Stainless steel is the most durable of metals. Its mechanical properties enable its structures to remain extremely resistant to rust. Nevertheless, corrosion can’t be precluded. But there are ways to mninimize the risk of corrosion.
Stainless steel’s fine layer of chromium oxide has natural techniques to self-repair when breached or broken. However, if the damage is too extensive corrosion can occur. There are various types of corrosion to be aware of.
The most common types are:
Pitting Corrosion on stainless steel
The passive layer on stainless steel can be attacked by certain chemical species. Chloride ion is the most common of these and is found in everyday materials such as salt and bleach. Harsh pitting corrosion is a localized damage that eats pits into stainless steel. In addition to chloride ion, can be caused by elevated temperatures for extended amounts of time or lack of oxygen to the surface.
You can avoid pitting corrosion by ensuring that stainless steel does not come into prolonged contact with harmful chemicals or by choosing a grade of steel which is more resistant to attack.
Crevice Corrosion on stainless steel
Stainless steel requires a supply of oxygen to make sure that the passive layer can form on the surface. In very tight crevices it is not always possible for the oxygen to gain access to the stainless steel surface thereby causing it to be vulnerable to attack. Crevice corrosion is avoided by sealing crevices with a flexible sealant or by using a more corrosion resistant grade.
General Corrosion on stainless steel
Normally stainless steel does not corrode uniformly like ordinary carbon and alloy steels. However, with some chemicals, mainly acids, the passive layer may be attacked uniformly depending on concentration and temperature and the metal loss is distributed over the entire surface of the steel. Hydrochloric and sulphuric acids at some concentrations are particularly aggressive towards stainless steel. General corrosion can be quite destructive and happen to the entire surface at once.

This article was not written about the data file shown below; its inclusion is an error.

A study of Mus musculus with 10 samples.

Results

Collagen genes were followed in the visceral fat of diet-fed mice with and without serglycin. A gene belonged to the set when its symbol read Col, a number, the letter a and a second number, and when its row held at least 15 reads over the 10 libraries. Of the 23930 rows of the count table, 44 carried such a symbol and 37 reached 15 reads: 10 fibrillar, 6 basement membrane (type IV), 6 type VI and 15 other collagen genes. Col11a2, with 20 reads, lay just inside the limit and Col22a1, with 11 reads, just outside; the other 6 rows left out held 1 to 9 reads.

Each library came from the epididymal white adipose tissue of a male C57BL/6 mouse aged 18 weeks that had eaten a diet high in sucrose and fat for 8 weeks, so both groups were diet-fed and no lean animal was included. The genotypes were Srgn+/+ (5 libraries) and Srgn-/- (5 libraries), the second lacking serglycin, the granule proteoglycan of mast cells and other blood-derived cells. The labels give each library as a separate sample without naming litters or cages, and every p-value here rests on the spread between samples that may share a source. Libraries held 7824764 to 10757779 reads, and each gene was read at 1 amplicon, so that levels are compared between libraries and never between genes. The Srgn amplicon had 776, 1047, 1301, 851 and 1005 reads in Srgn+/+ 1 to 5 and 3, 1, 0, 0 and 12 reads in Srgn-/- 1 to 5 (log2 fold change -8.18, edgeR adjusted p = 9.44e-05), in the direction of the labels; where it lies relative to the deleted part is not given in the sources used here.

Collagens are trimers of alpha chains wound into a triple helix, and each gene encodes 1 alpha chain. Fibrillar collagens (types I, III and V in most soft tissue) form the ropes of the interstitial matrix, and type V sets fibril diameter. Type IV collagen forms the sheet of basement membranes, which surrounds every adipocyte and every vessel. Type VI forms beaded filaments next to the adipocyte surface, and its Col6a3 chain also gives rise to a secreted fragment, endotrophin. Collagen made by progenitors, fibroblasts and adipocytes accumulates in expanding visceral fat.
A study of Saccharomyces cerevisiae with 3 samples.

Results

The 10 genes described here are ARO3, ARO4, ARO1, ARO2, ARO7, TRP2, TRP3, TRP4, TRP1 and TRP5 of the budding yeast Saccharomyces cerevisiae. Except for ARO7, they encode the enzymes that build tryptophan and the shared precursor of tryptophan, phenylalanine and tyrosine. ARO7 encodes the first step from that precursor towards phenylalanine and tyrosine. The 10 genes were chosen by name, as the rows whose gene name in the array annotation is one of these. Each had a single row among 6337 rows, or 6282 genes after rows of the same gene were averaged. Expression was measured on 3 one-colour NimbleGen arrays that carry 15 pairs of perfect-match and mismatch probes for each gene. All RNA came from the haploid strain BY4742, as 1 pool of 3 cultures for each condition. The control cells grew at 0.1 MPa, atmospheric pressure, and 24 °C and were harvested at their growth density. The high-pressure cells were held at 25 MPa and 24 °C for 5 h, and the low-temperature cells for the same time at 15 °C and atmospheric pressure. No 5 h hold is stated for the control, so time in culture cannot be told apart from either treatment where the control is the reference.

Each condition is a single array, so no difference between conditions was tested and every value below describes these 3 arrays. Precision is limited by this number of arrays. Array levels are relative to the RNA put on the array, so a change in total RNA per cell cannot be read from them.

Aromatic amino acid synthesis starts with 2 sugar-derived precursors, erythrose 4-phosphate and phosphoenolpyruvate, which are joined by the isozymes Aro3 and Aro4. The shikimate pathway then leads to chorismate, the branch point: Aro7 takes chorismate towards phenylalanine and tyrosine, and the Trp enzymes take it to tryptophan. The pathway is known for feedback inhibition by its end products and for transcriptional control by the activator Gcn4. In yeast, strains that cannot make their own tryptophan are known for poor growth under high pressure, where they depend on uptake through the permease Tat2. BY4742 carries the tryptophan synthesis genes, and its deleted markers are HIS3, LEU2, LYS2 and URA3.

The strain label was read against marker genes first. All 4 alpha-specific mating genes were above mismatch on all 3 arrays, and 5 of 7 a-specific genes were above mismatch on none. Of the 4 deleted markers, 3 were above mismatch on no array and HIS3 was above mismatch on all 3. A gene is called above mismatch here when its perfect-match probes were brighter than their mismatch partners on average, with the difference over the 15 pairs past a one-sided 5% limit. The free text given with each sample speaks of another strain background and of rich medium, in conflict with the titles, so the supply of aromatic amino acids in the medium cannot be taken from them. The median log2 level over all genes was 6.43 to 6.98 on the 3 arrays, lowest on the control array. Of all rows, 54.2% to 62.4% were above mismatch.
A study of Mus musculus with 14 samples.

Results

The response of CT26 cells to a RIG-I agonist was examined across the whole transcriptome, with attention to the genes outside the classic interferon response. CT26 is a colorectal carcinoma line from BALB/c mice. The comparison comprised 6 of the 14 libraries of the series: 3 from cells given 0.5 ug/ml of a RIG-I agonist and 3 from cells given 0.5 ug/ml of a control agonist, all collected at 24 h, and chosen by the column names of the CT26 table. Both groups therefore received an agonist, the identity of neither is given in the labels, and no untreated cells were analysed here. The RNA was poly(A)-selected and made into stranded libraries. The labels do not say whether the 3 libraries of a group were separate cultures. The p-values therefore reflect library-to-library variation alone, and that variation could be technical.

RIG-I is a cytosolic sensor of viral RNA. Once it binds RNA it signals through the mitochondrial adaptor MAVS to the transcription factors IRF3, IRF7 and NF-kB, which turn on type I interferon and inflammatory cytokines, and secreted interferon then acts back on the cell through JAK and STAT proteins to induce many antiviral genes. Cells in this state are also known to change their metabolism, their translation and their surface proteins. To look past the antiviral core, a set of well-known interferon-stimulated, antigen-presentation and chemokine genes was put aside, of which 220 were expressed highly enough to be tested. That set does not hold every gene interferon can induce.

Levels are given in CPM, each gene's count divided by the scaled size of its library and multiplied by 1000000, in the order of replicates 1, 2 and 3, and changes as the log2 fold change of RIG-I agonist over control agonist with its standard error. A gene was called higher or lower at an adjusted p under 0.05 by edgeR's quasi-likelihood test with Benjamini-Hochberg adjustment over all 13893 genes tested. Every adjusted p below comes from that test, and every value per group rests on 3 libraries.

Galvanic corrosion on stainless steel
If two dissimilar metals are in contact with each other and with an electrolyte (e.g. water or another solution), it is possible for a galvanic cell to be set up and to accelerate corrosion of one of the metals. It can be avoided by separating the metals with a non-metallic insulator such as rubber.
Less common types of corrosion are:
Stress Corrosion Cracking (SCC) on stainless steel
Stress Corrision Cracking is a relatively rare form of corrosion, which requires a specific combination of tensile stress, temperature and corrosive species, often the chloride ion, for it to occur. SCC can occur typically in hot water tanks or swimming pools. But if it does happen, it can be rapid, breaking down the mechanical properties of steel in days rather than months or years. Another form known as sulphide stress corrosion cracking (SSCC) is associated with hydrogen sulphide in oil and gas exploration and production.
Intergranular Attack on stainless steel
Intergranular Attack is also a quite rare form of corrosion. If the carbon level in the steel is too high, chromium can combine with carbon to form chromium carbide. This occurs at temperatures between about 450-850 C. This process is also called sensitisation and typically occurs during welding. The chromium available to form the passive layer is effectively reduced and corrosion can occur. This corrosive harm happens between the grains and can be avoided by using a low-carbon stainless steel or uniform heating and rapid cooling of the steel.
The choice of the right structural stainless steel sections
Montanstahl does supply structural stainless steel sections for all different kinds of applications where corrosion is an issue. We carry as stock items the common grades 304L and 316L, and are able to realize on demand both standard or customized shapes in other materials like duplex steels or high alloy steels.